HSBC has come under fire from the former head of innovation at rival Lloyds TSB for failing to offer a retail mobile banking service.
Mobile banking has long been touted as a delivery channel with huge potential. Last year Berg Insight predicted take up is set to soar, with the number of people using the technology growing from 20 million in 2008 to 913 million in 2014.
Only last month research outfit Forrester urged banks to update their strategies in preparation of a surge in popularity as Europe sees increased smartphone adoption.
Yet, alone among the UK's major banks, HSBC offers no retail mobile service at all, prompting James Gardner, now CTO at the Department for Work and Pensions, to ask on his blog: "What is going on HSBC?"
Gardner is an HSBC customer and insists he is a fan of the bank's Premier account and Internet service but suggests the bank is making a big mistake in not gaining experience in the mobile area while it is still relatively new.
He cites the example set by NatWest, which is the only UK bank to so far introduce an iPhone app. Gardner says that the NatWest app is not particularly impressive or rich in functionality but this is not the point.
"Shoving a poor application out the door - like NatWest have done - is teaching them valuable lessons about how customers like to use mobile."
In addition, by introducing the service ahead of its competitors, NatWest is building a relatively small but committed, loyal and important customer base of early adopters.
"Typically, somewhere between 15% and 18% of any audience will bother trying something new - but they're the ones that will tell everyone else about their experiences. Recruitment of these people is the key to building a base," says Gardner.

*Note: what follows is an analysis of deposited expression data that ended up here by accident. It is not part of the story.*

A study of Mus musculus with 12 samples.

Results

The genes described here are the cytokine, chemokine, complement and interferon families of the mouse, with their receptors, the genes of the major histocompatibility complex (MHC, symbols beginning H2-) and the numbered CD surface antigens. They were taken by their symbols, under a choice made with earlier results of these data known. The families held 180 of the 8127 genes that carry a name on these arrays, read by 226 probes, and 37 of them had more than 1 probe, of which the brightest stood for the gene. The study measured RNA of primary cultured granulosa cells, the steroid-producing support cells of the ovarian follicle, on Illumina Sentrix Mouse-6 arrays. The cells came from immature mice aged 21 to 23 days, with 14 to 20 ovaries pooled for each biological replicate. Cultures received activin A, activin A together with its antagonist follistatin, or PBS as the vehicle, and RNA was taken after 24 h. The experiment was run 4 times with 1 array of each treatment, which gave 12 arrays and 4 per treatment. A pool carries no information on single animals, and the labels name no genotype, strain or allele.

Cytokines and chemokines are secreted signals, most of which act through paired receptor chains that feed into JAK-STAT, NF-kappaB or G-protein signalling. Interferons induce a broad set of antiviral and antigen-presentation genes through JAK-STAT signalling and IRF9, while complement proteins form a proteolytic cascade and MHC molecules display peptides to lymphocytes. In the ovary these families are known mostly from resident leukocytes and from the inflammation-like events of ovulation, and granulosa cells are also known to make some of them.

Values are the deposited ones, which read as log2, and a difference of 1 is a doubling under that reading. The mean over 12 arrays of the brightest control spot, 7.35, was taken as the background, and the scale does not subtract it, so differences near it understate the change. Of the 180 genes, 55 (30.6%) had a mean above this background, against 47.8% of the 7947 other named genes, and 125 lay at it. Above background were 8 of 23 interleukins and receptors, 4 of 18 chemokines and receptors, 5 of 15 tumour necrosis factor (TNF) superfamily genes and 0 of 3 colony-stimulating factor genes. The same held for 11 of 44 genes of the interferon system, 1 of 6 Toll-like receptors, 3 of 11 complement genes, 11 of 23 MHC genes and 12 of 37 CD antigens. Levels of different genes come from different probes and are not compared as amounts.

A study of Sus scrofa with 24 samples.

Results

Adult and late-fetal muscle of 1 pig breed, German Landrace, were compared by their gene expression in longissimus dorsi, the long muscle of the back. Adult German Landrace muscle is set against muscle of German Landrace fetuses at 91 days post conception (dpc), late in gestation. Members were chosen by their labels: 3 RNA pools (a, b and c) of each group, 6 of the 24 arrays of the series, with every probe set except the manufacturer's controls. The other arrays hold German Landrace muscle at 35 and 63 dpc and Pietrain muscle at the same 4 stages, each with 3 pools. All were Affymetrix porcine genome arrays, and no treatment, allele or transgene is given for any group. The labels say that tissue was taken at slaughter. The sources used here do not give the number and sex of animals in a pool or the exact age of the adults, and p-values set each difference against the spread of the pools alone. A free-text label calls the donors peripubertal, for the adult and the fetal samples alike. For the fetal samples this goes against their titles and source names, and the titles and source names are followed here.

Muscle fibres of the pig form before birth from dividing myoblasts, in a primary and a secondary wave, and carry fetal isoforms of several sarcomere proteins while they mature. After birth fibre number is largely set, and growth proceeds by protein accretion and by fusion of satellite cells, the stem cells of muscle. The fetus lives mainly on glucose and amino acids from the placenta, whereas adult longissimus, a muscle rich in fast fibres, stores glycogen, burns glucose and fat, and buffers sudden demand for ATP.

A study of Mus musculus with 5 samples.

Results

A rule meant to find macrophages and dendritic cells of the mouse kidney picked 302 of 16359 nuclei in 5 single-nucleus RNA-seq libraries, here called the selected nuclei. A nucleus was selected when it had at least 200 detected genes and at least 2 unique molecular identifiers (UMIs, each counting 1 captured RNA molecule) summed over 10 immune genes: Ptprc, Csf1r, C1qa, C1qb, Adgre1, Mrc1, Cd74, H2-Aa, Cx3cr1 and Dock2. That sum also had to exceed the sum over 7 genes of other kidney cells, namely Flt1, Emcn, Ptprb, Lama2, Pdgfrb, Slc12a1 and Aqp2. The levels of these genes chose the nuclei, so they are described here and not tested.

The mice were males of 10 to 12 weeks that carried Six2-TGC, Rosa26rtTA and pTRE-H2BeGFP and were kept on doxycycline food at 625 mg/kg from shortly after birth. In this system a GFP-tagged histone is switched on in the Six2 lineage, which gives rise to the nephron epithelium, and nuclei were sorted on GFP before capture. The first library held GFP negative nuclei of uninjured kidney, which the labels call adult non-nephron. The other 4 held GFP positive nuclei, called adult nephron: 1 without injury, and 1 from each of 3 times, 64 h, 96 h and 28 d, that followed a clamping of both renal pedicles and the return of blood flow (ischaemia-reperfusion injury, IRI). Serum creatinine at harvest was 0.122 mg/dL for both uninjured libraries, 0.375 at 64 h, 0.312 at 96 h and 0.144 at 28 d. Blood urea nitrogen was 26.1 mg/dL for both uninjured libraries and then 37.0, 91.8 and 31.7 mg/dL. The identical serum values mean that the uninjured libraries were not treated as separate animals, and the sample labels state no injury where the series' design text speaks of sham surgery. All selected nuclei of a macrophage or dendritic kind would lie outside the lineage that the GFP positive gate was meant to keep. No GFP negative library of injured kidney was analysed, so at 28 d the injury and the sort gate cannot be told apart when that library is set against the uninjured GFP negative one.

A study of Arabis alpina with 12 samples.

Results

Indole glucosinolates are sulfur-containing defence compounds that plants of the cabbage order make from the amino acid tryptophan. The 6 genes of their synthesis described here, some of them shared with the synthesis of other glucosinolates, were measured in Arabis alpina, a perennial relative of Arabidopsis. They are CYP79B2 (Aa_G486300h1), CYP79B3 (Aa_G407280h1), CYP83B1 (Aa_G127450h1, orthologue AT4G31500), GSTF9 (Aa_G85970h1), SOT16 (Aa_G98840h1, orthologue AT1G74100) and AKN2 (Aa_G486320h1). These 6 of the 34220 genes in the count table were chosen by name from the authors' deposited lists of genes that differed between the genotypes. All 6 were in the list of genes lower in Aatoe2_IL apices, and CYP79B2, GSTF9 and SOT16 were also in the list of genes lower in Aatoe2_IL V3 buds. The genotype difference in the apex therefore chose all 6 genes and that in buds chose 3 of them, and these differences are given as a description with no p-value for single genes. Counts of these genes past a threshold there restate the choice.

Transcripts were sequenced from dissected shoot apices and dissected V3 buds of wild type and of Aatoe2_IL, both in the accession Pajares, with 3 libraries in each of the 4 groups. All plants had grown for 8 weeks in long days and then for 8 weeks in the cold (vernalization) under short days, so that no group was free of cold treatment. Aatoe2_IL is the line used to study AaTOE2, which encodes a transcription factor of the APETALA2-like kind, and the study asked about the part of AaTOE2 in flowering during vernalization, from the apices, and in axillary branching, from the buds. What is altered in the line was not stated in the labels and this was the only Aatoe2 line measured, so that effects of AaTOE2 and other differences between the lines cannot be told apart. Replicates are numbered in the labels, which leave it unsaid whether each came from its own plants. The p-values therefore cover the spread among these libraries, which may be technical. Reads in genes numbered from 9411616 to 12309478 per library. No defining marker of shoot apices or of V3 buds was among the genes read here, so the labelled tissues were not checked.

This argument chimes with that of Forrester analyst Alexander Hesse, who recently asserted: "Banks need to decide whether they want to be a mobile banking leader or a follower."
Gardner speculates that HSBC has fundamentally misunderstood the way mobile banking should be approached: "I'll bet that someone, somewhere, has decided that mobile is strategic, and therefore a global, multi-market solution is needed. I'd guess the whole mobile thing is so strategic to everyone that a big-bang approach seems the only way to make a splash."
This "big bang" attitude is mistaken he argues and an incremental approach that builds up a customer base and provides experience is more sensible, particularly when an iPhone app can be built for "practically nothing".
In response to Gardner's comments, HSBC has provided Finextra with the following statement: "As a founder member of the international Mobey Forum (which advocates and socialises the use of mobiles in banking), we are firmly aware of what others around the world have been and are developing in this space and have been trialling a number of different services and applications around the world.
"Both first direct and HSBC already offer simple alerts and account balance information via mobiles, as well as mobile friendly websites to personal and business customers, but we know that we have even more to do in this regard. We have several projects well underway, at both UK and global levels, that should meet the growing expectations of our mobile customers.
"That mobile banking will accelerate rapidly is widely accepted, but we have first been building the right local and global controls to make sure we deliver a secure customer-centric mobile service, rather than simply re-packaging existing service on a mobile."